Post #1 Posted: Thu May 23, 2024 3:35 am 
While reading the chinese edition of The japanese castle games (御城碁, oshirogo) with the help of Google translate and DeepL, I sometimes come across this book - "Sitting in hidden talks" jap: 坐隠談叢, chinese: 坐隐谈丛. I failed to get much info about it. As I know, it includes smth. about japanese Go history, but maybe one has more info about it, the contents...
https://ja.wikipedia.org/wiki/坐隠談叢

The book is also mentioned here
https://ja.wikipedia.org/wiki/本因坊算砂
織田信長、豊臣秀吉、徳川家康ともに算砂に対し五子のであったと『坐隠談叢』にある

Post #2 Posted: Thu May 23, 2024 4:21 am 
Oza


It was a prejudiced view of go history because Ando was based in the Kansai, where the Inoue family lived. They were still at daggers drawn with the Honinbos and so gave a rather one-sided view of things when interviewed by Ando. Watanabe Hideo updated and "corrected" it in 1955 and 1973.

If you are intending to get a copy, be aware it is a thick book, mostly solid text, and is written in classical Japanese (and some classical Chinese).


Post #3 Posted: Thu May 23, 2024 12:24 pm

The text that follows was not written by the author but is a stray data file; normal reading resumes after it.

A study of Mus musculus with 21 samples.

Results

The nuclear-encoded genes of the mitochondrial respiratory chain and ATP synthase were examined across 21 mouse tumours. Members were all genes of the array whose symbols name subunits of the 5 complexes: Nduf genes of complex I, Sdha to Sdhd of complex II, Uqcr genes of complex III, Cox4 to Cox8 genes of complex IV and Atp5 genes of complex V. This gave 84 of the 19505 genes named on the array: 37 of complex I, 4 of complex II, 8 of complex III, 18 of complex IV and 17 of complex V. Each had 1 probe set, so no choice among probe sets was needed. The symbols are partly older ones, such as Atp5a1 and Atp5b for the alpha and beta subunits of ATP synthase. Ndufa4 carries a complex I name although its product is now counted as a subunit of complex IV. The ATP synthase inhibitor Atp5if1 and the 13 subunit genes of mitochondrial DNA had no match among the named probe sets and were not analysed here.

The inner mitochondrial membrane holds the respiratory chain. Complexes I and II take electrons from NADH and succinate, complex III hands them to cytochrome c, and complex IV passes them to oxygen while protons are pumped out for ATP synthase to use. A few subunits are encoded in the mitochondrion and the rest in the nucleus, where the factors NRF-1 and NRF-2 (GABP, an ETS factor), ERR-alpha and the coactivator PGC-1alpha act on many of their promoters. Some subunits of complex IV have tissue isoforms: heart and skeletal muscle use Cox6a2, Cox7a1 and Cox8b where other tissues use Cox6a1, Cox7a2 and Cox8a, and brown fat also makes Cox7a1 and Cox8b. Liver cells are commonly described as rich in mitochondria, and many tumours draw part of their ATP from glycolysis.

One more question, please, concerning Honinbo Doetsu:
1658年万治元年)に死去し、22歳で本因坊家を継ぎ、翌1659年に御城碁初出仕する。この次の御城碁が行われた1664年以降、御城碁は年中行事となった。1666年上手(七段)、その後準名人に進む。
What does 上手 mean (in bold)?

Post #4 Posted: Thu May 23, 2024 1:22 pm 
Oza


Ota Yuzo famously refused to shave off his fine head of hair and so forfeited the government stipend, but was allowed to call himself jozu by special dispensation.

The quote you gave shows Honinbo III Doetsu progressed to vice-Meijin. He was the longest-lived historical player, incidentally (1636 ~ 1727).

坐隠 was a phrase coined by Wang Zhonglang (330 ~ 375), a high official of the Eastern Jin in China. He was famous as a practitioner of "pure conversation" (qing dan) and according to the ancient tome New Account of Tales of the World he was the originator of this phrase "sitting in reclusion" (zuo yin) to denote go - one of many such nicknames, of course.